Jim Sims became the second African American to serve on Bloomington’s City Council when he was caucused in to replace a retiring council member in August 2017.

Sims, 62, is running for re-election for one of three at-large Bloomington City Council seats. If re-elected, Sims said he would work to eliminate racial discrimination, increase housing density while protecting the charm of core neighborhoods, keep taxes low and support businesses that pay a living wage.

Sims comes from a background of community involvement and leadership as an Eagle Scout, former president of Monroe County NAACP and a retired IU Residential Programs and Services area manager. He has also been on numerous city and county commissions and boards for public safety, housing and planning.

Through his community involvement, he learned the importance of working well with others.

“I think we have a bunch of leaders on council,” Sims said. “I’m more of a collaborative person.”

William Hosea, chairman of the Board of Commissioners for the Bloomington Housing Authority and a friend of Sims, said because Sims was already so involved in the community before being elected onto council, he was ready to serve when Tim Mayer retired.Sims was sworn in on a Monday and attended his first council meeting as a member on the Wednesday of the same week.

“He hit the ground running,” Hosea said. “He was already versed on the issues. If there was a learning curve, it was a small one.”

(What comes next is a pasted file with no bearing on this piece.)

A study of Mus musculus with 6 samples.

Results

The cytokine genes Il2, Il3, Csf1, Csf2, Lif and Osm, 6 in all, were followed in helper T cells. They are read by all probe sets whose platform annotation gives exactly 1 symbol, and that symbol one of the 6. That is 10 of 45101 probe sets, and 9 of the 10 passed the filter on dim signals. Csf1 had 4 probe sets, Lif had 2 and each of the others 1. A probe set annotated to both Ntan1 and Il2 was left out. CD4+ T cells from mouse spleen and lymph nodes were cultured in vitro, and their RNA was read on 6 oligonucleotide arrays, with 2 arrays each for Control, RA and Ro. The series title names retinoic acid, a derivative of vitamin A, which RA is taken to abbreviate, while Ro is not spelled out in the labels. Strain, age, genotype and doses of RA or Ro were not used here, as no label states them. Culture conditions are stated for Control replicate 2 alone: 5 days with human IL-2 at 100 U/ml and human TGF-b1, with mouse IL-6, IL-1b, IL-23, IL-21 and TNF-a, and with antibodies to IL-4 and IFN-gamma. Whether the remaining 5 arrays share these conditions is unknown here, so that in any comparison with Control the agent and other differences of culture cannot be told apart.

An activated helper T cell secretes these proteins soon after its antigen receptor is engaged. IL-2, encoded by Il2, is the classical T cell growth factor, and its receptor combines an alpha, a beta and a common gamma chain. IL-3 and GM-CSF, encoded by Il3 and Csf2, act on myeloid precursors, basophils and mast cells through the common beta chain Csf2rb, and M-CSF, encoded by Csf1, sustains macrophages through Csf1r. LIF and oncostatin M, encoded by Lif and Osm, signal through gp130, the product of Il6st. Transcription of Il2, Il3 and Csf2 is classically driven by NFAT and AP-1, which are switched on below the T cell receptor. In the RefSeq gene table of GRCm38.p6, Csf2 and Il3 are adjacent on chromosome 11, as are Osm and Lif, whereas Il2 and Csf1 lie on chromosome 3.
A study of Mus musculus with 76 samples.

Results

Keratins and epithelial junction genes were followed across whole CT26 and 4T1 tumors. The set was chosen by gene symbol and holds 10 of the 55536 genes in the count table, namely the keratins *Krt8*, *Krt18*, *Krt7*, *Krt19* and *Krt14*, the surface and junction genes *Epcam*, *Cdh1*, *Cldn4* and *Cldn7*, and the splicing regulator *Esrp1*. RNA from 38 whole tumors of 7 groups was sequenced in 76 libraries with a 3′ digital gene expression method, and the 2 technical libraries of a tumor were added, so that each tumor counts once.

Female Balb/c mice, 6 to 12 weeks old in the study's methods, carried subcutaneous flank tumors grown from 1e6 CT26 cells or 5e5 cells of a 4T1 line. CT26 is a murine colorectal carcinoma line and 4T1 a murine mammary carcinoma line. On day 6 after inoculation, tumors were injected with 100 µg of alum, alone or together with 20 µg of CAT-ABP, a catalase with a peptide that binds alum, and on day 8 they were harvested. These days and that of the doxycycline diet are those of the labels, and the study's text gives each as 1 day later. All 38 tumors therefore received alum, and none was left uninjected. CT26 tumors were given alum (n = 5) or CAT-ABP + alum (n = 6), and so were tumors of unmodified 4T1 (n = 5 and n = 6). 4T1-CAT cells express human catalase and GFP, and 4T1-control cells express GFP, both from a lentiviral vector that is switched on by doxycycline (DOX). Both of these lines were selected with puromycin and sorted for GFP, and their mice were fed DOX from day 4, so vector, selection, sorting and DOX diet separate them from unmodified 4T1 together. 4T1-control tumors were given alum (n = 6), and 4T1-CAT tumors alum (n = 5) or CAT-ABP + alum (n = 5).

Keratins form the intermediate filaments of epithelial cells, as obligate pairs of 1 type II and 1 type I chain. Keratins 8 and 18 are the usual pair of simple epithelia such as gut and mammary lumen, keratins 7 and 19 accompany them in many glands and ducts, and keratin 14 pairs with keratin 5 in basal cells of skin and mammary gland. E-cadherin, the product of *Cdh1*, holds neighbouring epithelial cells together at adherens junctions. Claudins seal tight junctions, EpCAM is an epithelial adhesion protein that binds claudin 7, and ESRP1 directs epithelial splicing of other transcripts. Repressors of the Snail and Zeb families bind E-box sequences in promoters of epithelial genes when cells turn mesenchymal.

Sims said he supports quality job creation and wages that will support a decent living.

He has two grown children, 46 and 37, who also live in Bloomington. He said they were lucky enough to find jobs, but he wants more young adults to have the same fortune.

“What is the incentive for them to stay if there’s no job opportunities?” Sims said. “How can we keep some of our talent here to improve our community?”

Sims also is concerned about housing. While working at RPS, Sims had many employees who lived in different towns or even counties.

“Many of them, at entry level pay, could flat out not afford living in the city,” Sims said.

He believes slightly increasing density in core neighborhoods without ruining their character will be important to increasing housing inventory. Sims said there are other areas to build affordable housing outside of the core neighborhoods as well.

If elected, Sims said he would conduct an “All Around Town” initiative in which he would meet with all of the neighborhoods around the city to better understand the concerns of residents.

Earon Davis, friend of Sims and president-elect of Bloomington Rotary Club, said Sims has a unique ability to listen to different perspectives while sticking to his morals.

“He tends not to overreact to things,” Davis said. “He’s very level-headed but determined.”

Hosea said through Sim’s lived experience as a minority in Bloomington, he is able to represent the under-represented.

“From a cultural and racial perspective, I bring a different standpoint,” Sims said.

Early voting for Bloomington’s primary elections started last week at Monroe County Election Central on Seventh Street. Election day is May 7.